The Cartful


History[change | change source]

Hong Kong has been experiencing economic downturn in the 1950s, meanwhile, refugees from the Mainland fled to Hong Kong constantly after the establishment of The People's Republic of China, leading to an increase in population. People struggled to make a living, they started to operate mobile stall using wooden carts with a low production cost.[1] With the portable carts, street vendors could get away in time from being arrested by the police. In the 1970s and 1980s, a wide variety of products are sold then. Besides food and snacks, household goods, clothing and kitchenware could be found in the carful in place like Sham Shui Po.[2]

Features[change | change source]

The cartful sells mainly two kinds of products, street food and clothes. Some traditional street food such as eggette, curry fish balls and fried chestnuts are favored by teenagers. These $10-odd snacks are cheap but delicious. They smell very nice so that they drive people queuing for them. The cartful owners make the snacks once they are ordered so as to keep them hot and fresh. Apart from the street snacks, the carful also sells clothes, sometimes handbags. Women love buying free-sized legging and socks. Though customers cannot try fitting the products, they are willing to buy them.

Owners and locations[change | change source]

There are mainly two types of owners which are the unemployed middle-aged and the unlicensed hawkers. Both of them are the main support of their family while they cannot find a suitable job. As a result, they choose to run the carful because it can help them make a decent living and avoid the high rent. The carful of these kinds are operated by family units. Most of the cartful can be found near the public housings, schools and MTR stations, because a steady stream of people from these places can help increase their business turnover.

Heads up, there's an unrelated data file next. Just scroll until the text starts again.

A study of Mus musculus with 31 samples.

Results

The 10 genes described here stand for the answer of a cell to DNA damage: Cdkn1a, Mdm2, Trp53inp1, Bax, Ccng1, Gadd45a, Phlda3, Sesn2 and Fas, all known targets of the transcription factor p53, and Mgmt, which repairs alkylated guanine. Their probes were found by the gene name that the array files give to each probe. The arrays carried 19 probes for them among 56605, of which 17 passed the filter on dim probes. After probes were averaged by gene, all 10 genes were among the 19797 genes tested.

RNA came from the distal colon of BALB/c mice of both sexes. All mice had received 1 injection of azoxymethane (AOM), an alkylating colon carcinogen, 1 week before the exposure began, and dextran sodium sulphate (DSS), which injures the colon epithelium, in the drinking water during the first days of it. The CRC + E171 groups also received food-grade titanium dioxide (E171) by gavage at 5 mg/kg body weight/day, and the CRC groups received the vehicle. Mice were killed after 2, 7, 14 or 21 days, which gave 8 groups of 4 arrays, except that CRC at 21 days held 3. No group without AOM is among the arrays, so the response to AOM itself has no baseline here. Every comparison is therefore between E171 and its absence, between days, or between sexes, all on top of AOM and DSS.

Relationship with Hong Kong[change | change source]

The cartful fully reveals Hong Kong spirits [3] : diligence and fast paced lifestyle. With a small amount of capital and time, owners can earn huge profit from the whole day sales by moving their cart around without paying high rent. This traditional hawking style is threatened because of the government policy and modernization. As the law [4] prohibits unlicensed hawking, many mobile stalls have been demolished. Yet, the government sets up markets in different districts like Tin Sau Hui (天秀墟) and Wan Chai Tai Yuen Street (太原街)in order to gather the mobile stalls. Some of the citizens support the government plan since they think it is hygienic and peaceful without the mobile stalls on street, while others object to the cruel government policy due to the reminiscence of the cartful.[5][6][7]

References[change | change source]

  1. 它嗱喳,但好吃。——車仔麵 東方日報
  2. 深水埗歷史
  3. Hong Kong Spirit Hong Kong Spirit Ambassadors Limited
  4. CONTROL OF LICENSED AND UNLICENSED HAWKERS Food and Environmental Hygiene Department
  5. 走入灣仔大街小巷 吃出飲食文化變遷 文匯報
  6. 灣仔太原街
  7. Lau, Kit (2012). Mobile Delights by the Cartful 車仔檔(英文版). Joint Publishing HK. ISBN 9789620432071.